Translate your Image to Metal
The patented ZIRA™ Technology enables artists and architects to automatically translate an image, graphic, or design to metal, using imagery of their choosing onto a metal surface of any size using any combination of selective embossing, cutting, or perforation of the metal. Any image, photograph, drawing, or pattern can be translated to the metal surface using with ZIRA™ technology.
* Patent No. 7,212,688 B2 - May, 2007
In 2014, Zahner engineers developed ImageWall for designers to directly create designs using the ZIRA™ Technology. The ImageWall app was launched for browsers on both Windows and OS X systems for ShopFloor™ Platform. The web-based application gives designers access to build perforated facades using a simple interface, a configurator which allows users to upload their own imagery and configure their design using Zahner custom surfaces.
The resulting mosaic or pixelation pattern is not limited to any one kind of cutting or perforation process. Several projects are produced using bumped textures as well as perforated holes cut into the metal such as the Royals Stadium pictured above, the Fairmont, below, or the de Young in San Francisco.
How we transfer an image to metal wall panels
The process for translating imagery to metal begins with your image. For example, on a recent Zahner project completed in Vancouver, ZIRA™ Technology was used to translate the architect's photograph of trees from a nearby redwood forest onto the surface of the Fairmont Hotel in downtown Vancouver BC, Canada.
ZIRA™ Technology is guided by engineered cad files that are generated using the architect's original drawing. James KM Cheng, the architect for the Fairmont, provided a photograph of the dense forest which surrounds Vancouver. Zahner Engineers took this photograph and ran it through a series of filters and tests to produce the designs which would one day result in the custom-perforated, custom-bumped, custom-image that surfaces the Fairmont Hotel. The metal surface of this project was mechanically bumped and perforated throughout via computer-controlled machinery, not unlike the de Young Museum in San Francisco.
How the ZIRA™ Process Works
ZIRA™ stands for Zahner Interpretive Relational Algorithm. This patented process was developed to expedite complex custom perforations and selective embossing on projects of every size and scope.
ZIRA™ Technology can be used translated into bumps, dents, holes and shapes. This map is then digitally laid across the building or specific area of the building and imprinted on the panels. Finally the patterning is translated into machine language and produced in our shop. Once installed the patterning matches up perfectly - Patterns and images seamlessly continue from one panel to the next, edge to edge, and around corners and edges. We call this the pattern’s parametric relationship of individual elements to the whole surface.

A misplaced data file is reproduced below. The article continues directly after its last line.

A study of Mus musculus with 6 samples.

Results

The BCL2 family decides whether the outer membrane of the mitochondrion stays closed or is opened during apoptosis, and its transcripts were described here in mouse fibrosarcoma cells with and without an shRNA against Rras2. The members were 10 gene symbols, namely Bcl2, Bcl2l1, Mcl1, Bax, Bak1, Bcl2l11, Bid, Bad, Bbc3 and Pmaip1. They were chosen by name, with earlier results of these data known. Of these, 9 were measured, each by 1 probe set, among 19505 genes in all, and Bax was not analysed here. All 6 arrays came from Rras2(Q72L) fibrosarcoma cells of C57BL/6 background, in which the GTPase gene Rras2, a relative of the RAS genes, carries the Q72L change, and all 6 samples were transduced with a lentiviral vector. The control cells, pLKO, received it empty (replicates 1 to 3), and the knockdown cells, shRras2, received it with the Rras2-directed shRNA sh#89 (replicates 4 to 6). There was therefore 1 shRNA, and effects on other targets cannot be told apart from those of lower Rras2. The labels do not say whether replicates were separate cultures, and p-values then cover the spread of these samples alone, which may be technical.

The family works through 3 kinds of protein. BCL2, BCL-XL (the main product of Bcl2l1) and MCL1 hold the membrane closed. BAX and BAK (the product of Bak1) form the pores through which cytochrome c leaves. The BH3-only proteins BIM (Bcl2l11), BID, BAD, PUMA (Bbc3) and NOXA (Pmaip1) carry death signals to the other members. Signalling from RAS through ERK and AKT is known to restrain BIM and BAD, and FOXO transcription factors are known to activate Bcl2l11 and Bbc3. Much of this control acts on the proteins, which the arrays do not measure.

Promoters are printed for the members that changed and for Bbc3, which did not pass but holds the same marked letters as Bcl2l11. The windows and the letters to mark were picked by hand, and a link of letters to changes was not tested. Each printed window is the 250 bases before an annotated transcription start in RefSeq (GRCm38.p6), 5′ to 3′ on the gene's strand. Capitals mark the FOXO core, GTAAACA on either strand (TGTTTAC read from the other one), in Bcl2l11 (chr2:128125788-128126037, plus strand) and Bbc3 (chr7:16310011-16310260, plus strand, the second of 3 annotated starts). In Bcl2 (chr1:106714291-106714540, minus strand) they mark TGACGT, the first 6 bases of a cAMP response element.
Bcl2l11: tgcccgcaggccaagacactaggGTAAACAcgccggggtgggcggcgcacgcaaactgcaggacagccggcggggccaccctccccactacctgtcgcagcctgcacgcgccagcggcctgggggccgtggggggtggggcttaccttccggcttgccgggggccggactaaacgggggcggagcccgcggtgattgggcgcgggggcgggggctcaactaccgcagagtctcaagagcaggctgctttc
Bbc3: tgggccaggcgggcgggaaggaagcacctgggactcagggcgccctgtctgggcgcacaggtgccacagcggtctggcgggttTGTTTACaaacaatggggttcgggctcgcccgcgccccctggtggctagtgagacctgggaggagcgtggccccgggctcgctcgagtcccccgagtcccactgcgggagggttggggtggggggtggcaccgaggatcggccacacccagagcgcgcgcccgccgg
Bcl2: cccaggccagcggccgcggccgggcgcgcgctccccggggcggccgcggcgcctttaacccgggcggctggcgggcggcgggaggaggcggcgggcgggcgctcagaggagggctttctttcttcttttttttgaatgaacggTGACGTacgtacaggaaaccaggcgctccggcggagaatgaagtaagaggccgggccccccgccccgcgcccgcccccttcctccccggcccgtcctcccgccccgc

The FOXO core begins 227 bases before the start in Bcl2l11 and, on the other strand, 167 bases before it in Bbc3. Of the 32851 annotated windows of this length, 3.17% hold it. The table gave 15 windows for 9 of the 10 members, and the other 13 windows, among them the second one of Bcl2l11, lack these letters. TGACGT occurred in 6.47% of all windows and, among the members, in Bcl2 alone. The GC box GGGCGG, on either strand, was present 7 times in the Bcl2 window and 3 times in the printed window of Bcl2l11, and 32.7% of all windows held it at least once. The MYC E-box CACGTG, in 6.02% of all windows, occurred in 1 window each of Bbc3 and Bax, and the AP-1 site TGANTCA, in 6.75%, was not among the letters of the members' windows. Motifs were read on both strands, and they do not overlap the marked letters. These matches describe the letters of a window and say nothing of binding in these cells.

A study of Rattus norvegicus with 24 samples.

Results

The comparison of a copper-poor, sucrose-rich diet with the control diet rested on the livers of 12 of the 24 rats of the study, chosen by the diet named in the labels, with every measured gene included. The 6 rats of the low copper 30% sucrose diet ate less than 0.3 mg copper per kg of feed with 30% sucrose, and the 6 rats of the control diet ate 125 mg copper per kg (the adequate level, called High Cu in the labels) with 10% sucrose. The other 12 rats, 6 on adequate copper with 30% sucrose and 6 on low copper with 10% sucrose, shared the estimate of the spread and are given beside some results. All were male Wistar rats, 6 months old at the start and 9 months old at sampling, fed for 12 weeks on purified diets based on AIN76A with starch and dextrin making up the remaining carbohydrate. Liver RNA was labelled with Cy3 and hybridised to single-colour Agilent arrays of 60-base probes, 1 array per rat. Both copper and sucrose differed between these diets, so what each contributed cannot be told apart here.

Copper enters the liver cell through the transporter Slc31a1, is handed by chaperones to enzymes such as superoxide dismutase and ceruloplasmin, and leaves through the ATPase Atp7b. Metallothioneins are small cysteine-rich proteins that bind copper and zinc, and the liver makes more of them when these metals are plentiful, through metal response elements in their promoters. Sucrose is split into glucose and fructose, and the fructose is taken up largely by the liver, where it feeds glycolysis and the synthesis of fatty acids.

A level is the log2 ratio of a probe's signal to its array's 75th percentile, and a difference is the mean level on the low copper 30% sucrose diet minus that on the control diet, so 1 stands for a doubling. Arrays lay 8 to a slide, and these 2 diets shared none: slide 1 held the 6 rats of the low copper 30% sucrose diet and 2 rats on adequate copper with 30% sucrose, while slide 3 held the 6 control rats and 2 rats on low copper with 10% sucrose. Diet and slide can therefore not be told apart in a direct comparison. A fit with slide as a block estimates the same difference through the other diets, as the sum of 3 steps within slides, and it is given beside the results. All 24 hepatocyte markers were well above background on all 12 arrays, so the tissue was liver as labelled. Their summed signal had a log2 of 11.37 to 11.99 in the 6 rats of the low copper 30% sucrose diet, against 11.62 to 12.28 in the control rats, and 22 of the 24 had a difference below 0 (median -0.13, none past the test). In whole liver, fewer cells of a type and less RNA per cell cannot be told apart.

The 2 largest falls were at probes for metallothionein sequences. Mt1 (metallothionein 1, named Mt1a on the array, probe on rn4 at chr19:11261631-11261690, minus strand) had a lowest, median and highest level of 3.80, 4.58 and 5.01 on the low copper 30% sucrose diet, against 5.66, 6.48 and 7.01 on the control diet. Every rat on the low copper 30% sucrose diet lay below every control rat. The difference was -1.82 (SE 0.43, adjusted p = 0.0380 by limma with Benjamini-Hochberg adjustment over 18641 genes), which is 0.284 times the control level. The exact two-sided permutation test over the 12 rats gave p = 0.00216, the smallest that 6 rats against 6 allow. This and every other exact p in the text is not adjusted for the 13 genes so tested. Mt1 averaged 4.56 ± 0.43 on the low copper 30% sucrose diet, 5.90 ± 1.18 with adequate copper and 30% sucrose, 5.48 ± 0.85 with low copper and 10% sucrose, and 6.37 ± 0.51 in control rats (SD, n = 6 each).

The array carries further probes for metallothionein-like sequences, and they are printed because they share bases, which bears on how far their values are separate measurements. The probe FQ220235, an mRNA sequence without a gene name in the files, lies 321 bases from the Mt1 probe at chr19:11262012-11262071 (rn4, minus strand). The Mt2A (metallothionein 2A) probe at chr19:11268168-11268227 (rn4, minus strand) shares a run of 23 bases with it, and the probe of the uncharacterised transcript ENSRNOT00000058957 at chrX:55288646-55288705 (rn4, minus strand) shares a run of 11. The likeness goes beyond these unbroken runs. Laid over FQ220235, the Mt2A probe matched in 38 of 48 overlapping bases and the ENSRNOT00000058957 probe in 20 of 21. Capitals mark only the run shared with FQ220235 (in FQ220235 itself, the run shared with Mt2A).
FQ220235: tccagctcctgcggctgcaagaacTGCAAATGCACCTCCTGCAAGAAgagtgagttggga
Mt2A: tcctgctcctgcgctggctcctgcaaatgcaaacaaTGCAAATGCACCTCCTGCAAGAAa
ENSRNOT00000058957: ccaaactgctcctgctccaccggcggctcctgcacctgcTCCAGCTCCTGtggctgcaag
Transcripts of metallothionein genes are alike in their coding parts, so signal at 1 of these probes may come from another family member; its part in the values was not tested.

The end result was that light appears as though filtered between the trees, as seen on the de Young project's page.
Projects using ZIRA™ Technology
Zahner® has completed several projects using the ZIRA™ process, and it several more projects are in the works. This is painting with metal, so the possibilities are endless.
- Kauffman Stadium in Kansas City.
- SFMTA Ticketing Booths in San Francisco.
- Art Wall at Doha in Doha, Qatar.
- Cooper Union in New York City.
- Power & Light Bridge in Kansas City, Missouri.
- The Fairmont in Vancouver BC.
- De Young Museum in San Francisco, California.
- Alexandria in San Francisco, California.
- Cerner Headquarters in Kansas City, Missouri.
- Ovitz Residence on Leona Drive in Beverly Hills, California.
- Lumenhaus (Pictured Below), a portable housing unit by Virginia Tech Students.
New: Try building your own ZIRA™ Facade using ImageWall™ for ShopFloor.
Featured Post: Building a dual-curved facade with pre-fabricated panels. — Writer Susan Chaityn Lebovits profiles Zahner in Form Magazine, about how the Neiman Marcus facade was made in Natick, Massachusetts.
Featured Post: Zahner ShopFloor team develops a perforated Louvered Screen Wall Facade System — How a small team of ShopFloor engineers at Zahner hacked a ten-year old welding robot arm to create louvered screen wall facade systems.
ShopFloor: Create unique designs for architecture and interiors using a simple configurator.